Arthur Roy Brown: A brief biography of a Freemason.
Arthur Roy Brown was born 23rd Dec, 1893 in Carleton Place, Ontario. The middle of five children and son to the local four mill, and power plant owner. Arthur was a typical Canadian boy, with a deep love of Hockey. This was so strong in fact that he was later invited to join the Ottawa Senators of the day. This was discouraged by his father in favour of a strong education as an accountant, to which he would apply himself to in earnest.
While attending school he became an Officer Cadet in the Army Cadet Officer Corps, where he became fascinated by the mechanizations of flight. This would become the love that replaced hockey, and would make a mark for Canada on the world stage.
After completing university Arthur went on to attend the Wright Brother’s school of flight in Dayton, Ohio. This would have been impossible had his family not been as well off as it was, with a cost of $250 for 240 minutes of air time, as well as food and lodging bringing the costs to approx $600; In the early 1900’s was quite the cost. Upon completion and receiving his flight certificate, Arthur went on to join the Royal Naval Air Service.
While on leave in 1915, Arthur would return to his home town of Carleton Place, Ontario to visit his family. On one specific visit he was initiated into Masonry at St. John’s Lodge No 63. This unfortunately, is the only information on his Masonic career.
In April of 1916 his career was almost cut short as while on a training exercise. His aircraft malfunctioned and Arthur had to perform an emergency “landing” a crash that would cause a minor spinal injury. Luckily, his back healed quickly and he was allowed back into the cockpit; and respectively into the fight. A year later while flying a Sopwith Pup biplane with 11 Squadron he recorded his first air combat victory.
His string of victories would continue and earn him the title of “Flying Ace,” and the Distinguished Service Cross after he recorded his 5th confirmed kill on October 13th 1917. This string of victories would continue throughout the war. In February 1918, Arthur was promoted and made flight leader of his squadron, a confidential report stated:
“…a very good flight leader and fearless pilot with good ability to command”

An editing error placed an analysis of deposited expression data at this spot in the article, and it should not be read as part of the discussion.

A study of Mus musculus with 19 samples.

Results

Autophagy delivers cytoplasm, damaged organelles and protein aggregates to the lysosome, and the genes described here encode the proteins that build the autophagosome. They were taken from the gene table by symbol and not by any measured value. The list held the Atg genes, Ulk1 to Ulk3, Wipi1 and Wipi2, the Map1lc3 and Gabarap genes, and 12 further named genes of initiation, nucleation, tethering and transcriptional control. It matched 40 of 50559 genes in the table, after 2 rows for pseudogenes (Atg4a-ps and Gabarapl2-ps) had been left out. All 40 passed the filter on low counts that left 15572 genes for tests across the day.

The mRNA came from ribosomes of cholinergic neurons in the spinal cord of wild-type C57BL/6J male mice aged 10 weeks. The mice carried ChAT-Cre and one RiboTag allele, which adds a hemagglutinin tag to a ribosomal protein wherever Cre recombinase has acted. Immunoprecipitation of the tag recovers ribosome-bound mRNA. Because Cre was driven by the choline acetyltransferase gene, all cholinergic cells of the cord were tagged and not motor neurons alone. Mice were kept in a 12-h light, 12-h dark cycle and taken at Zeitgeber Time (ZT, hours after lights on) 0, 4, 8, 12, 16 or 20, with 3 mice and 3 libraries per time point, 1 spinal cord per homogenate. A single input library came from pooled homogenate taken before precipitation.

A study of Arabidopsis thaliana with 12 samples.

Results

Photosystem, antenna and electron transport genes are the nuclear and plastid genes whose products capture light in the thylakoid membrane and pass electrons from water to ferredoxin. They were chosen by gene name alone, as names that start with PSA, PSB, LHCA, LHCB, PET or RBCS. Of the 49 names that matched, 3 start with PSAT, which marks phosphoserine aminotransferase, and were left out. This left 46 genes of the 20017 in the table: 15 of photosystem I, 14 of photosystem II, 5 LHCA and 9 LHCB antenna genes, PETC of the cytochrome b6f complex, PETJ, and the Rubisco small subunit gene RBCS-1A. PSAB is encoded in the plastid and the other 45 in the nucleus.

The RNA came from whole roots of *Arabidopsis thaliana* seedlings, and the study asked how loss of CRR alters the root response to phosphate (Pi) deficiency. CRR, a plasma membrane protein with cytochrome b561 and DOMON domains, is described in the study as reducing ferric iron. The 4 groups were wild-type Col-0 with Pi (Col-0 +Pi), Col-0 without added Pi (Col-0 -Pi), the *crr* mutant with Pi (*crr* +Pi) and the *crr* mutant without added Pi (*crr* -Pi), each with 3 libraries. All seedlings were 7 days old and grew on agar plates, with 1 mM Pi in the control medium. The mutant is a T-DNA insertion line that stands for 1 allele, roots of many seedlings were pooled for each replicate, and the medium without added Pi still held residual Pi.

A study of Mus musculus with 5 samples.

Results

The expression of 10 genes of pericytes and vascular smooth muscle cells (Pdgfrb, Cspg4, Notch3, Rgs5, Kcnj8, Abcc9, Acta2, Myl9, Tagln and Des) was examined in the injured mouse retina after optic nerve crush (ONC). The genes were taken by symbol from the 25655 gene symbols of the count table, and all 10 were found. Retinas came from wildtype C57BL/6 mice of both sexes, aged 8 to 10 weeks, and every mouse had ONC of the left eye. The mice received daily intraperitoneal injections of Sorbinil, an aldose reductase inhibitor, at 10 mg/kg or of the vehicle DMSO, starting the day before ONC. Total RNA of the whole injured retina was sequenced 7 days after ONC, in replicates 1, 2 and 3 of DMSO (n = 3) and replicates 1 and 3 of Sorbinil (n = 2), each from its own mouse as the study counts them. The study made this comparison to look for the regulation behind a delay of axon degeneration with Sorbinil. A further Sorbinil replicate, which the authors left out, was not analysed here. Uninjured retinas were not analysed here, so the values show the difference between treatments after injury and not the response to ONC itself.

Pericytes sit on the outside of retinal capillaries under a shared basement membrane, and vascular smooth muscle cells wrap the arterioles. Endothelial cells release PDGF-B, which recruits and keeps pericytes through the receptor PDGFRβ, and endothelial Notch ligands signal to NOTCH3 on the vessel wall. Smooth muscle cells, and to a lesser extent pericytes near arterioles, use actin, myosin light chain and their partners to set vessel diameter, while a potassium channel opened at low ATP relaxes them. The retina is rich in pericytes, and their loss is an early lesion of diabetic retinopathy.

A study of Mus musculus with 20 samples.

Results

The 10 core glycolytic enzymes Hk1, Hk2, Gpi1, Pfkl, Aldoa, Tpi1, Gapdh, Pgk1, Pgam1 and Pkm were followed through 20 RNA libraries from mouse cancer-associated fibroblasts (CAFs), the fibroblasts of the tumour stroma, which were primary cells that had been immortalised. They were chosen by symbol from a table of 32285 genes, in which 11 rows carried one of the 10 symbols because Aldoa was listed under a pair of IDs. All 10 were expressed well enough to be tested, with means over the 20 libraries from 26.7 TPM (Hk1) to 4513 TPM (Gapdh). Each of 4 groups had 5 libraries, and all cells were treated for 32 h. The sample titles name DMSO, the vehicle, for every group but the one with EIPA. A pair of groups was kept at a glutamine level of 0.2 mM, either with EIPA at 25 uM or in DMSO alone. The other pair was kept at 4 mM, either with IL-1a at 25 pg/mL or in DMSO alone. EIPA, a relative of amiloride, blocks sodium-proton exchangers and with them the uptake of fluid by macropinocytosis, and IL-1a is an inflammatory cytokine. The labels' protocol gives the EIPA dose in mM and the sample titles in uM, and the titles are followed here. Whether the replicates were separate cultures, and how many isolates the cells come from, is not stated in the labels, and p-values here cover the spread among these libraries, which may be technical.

By March of the same year, the situation was looking bleak. Allied losses were rising and Arthur was flying 2 missions a day on average and providing extra training to the new pilots. Exhaustion was beginning to take over, reports say he appeared to age pre-maturely, his eye’s were sunken and blood shot, hair grey before his years and he had lost approx 25 pounds. The situation was made even worse for Arthur when he contracted a case of gastritis from easting some bad rabbit, aggravated even further by the constant breathing of the well known laxative castor oil used to lubricate the rotary engines.
By some twist of fate, an old high school friend of Arthur’s was assigned to his squadron. Fresh from flight training Wilfred “Wop” May had no kills or combat experience, which must have been obvious to the enemy. On April 21st, Arthur’s Squadron came under attack and Wilfred found himself on the run from an enemy flying ace.
Seeing his school chum in trouble Arthur engaged Wilfred’s attacker. The plane of the enemy ace was easily identifiable; it was the notorious Manfred Von Richthofen the “Red Baron.” Von Richthofen was notorious not only as the enemies’ ace, but for disregarding his own flight manual. When a target was in his sight he failed to observe around him, but stayed fixed on his target.
Wilfred “Wop” May would go on to fly another day as Arthur riveted the Red Baron with bullets. Manfred Von Richthofen crashed behind Allied lines, shot though the heart. The Australian regiment that found him, gave him a burial with honours, respect for a worthy enemy. Arthur was then awarded his second Distinguished Service Cross.
After the war Arthur retired and took up accounting for his fathers business for a short time. Accounting had never been what he wanted to do, despite his university major. The blue sky’s called him and he answered; starting his own small airline operating around Ontario and Quebec. He dabbled in politics briefly, taking a run at the Ontario legislature but lost in a landslide and took a job as Advisory Editor to Canadian Aviation Magazine in stead.
The years of war had taken their toll on Arthur, he died of a heart attack at age 50, 9 March 1944.